While making my rounds this afternoon I couldn’t help but notice the contrasting viewpoints on both sides of MMO graphics.Â The Elder Scrolls Online (TESO) just had a big press preview, and in every screenshot (like the one above) I see beautiful landscapes, characters, monsters, lighting, and really a very visually pleasing game.Â My immediate reaction is, “ooo I want to play that game.”
Yet I think back to my recent experience with Guild Wars 2, also a very visually appealing game, and I remember the horrible performance issues I experienced.Â WvW performance dropping by 80% was ultimately what started me on the path to quitting.Â A lack of content reassured me the choice was a good one, but if WvW didn’t lag something awful I bet I would have lasted much longer.Â You all remember Age of Conan, right?Â The game had many issues, but looking pretty wasn’t one of them; performance sure was, though.
MMOs need to look good to attract people, but not at the cost of performance, and certainly not at the cost of having graphics be the gameplay.Â Andrew of City State Entertianment wrote Camelot Unchained’s Foundational Principle #12 wherein he talks about not sacrificing core gameplay for more triangles. He’s spot on.Â In my opinion, no game will ever look good enough for visuals to be the entire experience — not even a big part of the experience.Â Maybe that’s why I’m okay with going back and playing MMOs that came out 10-15 years ago.Â The gameplay in those games trumped the graphics back then, and the gameplay trumps the graphics today.Â Going back to what Andrew said, performance is a primary pillar.Â There are too many experiences of poor performance vividly etched into my memory (WAR, SWTOR, GW2) for me to even doubt that truth.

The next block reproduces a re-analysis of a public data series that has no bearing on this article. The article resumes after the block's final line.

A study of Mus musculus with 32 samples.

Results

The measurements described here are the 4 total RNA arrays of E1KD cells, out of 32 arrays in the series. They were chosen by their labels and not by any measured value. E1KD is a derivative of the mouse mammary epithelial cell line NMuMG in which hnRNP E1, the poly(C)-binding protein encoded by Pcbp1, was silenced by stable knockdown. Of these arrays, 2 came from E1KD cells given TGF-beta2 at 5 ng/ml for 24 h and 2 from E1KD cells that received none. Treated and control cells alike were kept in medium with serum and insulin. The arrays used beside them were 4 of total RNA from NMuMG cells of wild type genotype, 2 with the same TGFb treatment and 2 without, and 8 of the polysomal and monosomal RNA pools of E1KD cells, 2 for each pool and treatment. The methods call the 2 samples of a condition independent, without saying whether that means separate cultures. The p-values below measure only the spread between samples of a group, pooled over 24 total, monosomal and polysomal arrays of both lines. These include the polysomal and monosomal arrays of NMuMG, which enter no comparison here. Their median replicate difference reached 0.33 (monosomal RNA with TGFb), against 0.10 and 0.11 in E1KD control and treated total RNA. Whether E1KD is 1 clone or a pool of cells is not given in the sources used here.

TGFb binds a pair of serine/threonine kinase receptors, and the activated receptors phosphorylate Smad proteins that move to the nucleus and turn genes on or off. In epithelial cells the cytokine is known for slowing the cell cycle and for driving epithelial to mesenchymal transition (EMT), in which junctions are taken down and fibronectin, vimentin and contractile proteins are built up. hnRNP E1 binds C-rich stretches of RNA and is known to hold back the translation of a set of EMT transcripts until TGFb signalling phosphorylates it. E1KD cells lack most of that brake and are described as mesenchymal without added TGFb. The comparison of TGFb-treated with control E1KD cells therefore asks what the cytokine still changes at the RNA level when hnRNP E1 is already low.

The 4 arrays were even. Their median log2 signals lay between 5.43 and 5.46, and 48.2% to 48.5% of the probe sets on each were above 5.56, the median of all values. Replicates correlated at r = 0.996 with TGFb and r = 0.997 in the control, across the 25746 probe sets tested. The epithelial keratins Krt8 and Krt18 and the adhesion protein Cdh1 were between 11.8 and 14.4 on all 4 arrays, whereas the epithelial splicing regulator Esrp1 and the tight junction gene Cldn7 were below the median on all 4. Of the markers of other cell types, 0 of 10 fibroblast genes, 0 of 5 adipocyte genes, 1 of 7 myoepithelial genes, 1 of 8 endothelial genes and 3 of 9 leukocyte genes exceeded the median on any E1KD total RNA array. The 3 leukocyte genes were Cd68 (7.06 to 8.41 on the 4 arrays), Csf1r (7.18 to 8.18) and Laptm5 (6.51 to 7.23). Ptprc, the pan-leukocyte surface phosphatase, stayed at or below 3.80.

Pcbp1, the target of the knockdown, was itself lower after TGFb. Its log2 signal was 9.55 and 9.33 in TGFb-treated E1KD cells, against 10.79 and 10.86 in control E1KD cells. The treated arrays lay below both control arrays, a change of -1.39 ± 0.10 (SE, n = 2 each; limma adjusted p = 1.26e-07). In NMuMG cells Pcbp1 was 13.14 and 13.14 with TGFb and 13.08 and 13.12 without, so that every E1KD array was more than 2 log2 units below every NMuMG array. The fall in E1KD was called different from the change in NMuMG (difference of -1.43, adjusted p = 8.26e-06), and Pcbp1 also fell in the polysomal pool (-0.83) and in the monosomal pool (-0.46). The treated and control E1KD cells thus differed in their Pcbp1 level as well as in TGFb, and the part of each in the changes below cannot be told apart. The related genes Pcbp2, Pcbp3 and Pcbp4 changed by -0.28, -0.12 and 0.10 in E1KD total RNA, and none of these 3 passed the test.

Start with gameplay.Â When that’s solid, and working just how you want it, begin focusing on graphics.Â If at any point in time the graphics diminish performance enough to hinder that solid state of gameplay, take a step back and ask whether you want people to play your game because it looks pretty or because they’re able to experience the game you set out to make.Â That’s how graphics can make, instead of break, an MMO.Â So, while I can’t say for certain that graphics and gameplay are mutually exclusive,Â I know that designing around gameplay first is always the better choice.
*Update* Graev and I began discussing the topic further and we came to the conclusion that the worse the graphics get the more freedom given to the player.Â Graphics, if used in any way as a constraint, directly limit gameplay.Â The graphics engine itself directly limits what can be done by players and what developers can actually develop.Â So in a way, there’s not just the idea of developing gameplay then applying graphics, but an idea that perhaps there is an inverse relationship between the two.Â That leads to a fascinating realization that the better graphics get, especially in MMOs, the less players can do; better graphics, worse gameplay.